Diary of a Primary School Mum: 'Is keeping tadpoles in a jar in the classroom really so cruel?'

Back after half-term, and Claire, who normally can't wait to go to school, is showing great resistance, cowering behind my legs and refusing to go in. Miss Perry offers some bait. "Claire," she says, "over the holidays something incredible happened. The tadpoles have become froglets." My daughter is off in a flash to join her classmates crowded round a tank.

Reception has been studying life-cycles. Miss Perry is to mini-beasts what Lord Robert Winston is to babies. Not only has she grown frogs from spawn, but a few weeks ago she nurtured caterpillars into butterflies. When the cocoons finally hatched, the twins were so excited. "They went pop, pop, pop, one after the other," Claire said, gesticulating like a conductor waving a baton, "and one by one, out came these beautiful painted ladies."

Miss Perry fed them home-made nectar (sugar water), and the next day a thrilling spectacle took place as the black-and-yellow speckled butterflies were released into the wild.

As well as being enriching, this whole exercise was wonderfully educational, so it was with great dismay that I learnt that the RSPCA has just called the practice of keeping animals in schools "cruel". Granted, they're referring more to bigger animals (such as hamsters, which shouldn't be disturbed during the day), but nevertheless, their concern extends to charting the growth of tadpoles in a jar. They say the shrieks and grabbing hands of affectionate but boisterous pupils make the classroom a frightening place .

I'm in favour of good animal-welfare practice, don't get me wrong. When my kids intentionally step on ants I get upset. Thwacking at wasps with a newspaper is a last resort (I'm allergic) safety measure. Life is sacrosanct and should be respected. But not having tadpoles or caterpillars in the classroom is surely a step too far.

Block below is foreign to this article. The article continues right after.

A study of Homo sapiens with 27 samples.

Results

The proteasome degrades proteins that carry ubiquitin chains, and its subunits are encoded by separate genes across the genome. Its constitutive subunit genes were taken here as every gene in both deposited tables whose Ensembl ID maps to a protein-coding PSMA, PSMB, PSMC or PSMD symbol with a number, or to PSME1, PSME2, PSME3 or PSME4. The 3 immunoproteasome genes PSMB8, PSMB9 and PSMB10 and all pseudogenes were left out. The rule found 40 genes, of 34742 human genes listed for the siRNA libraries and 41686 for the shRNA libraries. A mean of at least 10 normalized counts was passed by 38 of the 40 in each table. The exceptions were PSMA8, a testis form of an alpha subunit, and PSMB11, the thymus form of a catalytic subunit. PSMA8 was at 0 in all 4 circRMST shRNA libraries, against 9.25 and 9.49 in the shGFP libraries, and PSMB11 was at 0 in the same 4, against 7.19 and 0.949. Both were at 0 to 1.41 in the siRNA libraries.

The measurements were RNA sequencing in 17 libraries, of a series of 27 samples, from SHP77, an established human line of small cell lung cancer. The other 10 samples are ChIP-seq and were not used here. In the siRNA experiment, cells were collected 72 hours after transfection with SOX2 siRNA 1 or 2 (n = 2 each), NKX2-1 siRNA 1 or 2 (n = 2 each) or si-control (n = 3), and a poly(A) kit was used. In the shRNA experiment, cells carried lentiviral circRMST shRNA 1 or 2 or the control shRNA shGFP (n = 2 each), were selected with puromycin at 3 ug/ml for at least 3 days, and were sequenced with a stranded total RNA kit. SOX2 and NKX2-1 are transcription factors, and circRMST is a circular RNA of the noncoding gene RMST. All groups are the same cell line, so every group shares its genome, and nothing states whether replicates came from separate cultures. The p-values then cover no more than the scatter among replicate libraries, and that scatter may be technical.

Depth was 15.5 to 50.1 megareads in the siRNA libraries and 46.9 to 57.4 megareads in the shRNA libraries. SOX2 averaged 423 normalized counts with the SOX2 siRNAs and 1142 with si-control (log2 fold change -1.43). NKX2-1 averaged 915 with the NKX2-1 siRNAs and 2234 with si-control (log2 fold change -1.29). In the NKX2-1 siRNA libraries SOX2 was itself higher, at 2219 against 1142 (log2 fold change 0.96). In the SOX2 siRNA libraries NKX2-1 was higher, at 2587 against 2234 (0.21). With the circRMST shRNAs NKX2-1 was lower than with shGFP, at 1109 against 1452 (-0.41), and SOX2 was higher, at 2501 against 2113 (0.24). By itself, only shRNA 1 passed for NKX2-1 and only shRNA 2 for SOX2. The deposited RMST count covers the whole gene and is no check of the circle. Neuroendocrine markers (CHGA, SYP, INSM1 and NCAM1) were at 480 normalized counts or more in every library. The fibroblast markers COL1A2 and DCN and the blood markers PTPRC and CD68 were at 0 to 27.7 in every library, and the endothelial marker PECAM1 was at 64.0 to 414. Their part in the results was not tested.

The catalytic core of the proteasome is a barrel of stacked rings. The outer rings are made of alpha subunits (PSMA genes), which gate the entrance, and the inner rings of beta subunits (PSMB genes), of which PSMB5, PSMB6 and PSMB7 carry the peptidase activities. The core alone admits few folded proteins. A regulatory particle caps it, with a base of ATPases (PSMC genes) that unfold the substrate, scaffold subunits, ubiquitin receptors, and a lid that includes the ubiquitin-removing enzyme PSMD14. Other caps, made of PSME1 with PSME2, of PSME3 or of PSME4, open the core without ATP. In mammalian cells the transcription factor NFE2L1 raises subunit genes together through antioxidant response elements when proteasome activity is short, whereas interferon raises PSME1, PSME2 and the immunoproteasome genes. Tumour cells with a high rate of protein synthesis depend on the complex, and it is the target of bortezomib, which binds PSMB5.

I call my best friend who is a primary-school teacher. She's reasonable, she understands how important it is for children to see the natural world first-hand, she'll agree that this latest RSPCA guidance is a tad extreme, won't she?

"I'd be guided by the RSPCA," she says, without hesitation. "I've never had a classroom pet because I don't think it's a good place to keep animals. Children get a lot of enjoyment from growing plants and they can learn all about life-cycles and mini-beasts by going on outings and school trips, observing animals in their natural habitat."

I tell her that Miss Perry arranged a school trip to the local woods, which I helped out on, and that I ended up on all fours, digging through undergrowth in search of mini-beasts. And that the mini-beasts were off sick that day, so all we found were a couple of worms, teased into a margarine tub for "observation". There's a silence. I reassure her that leaves accompanied the worms and that holes were poked in the lid. I'm not certain when I hang up, however, that I'm not about to be shopped to the animal-welfare charity right there and then.

I later ask my husband if he thinks it's so wrong to keep tadpoles in the classroom. "It's animal welfare gone mad," he says, and I pound the air, grateful for vindication. But he goes on to tell me how, as a kid, his favourite experiment was plucking the legs off daddy-long-legs and then slowly squashing their bodies.

I feel faint and dizzy and stick a finger in each ear, then find myself at the computer, searching for the RSPCA cruelty line.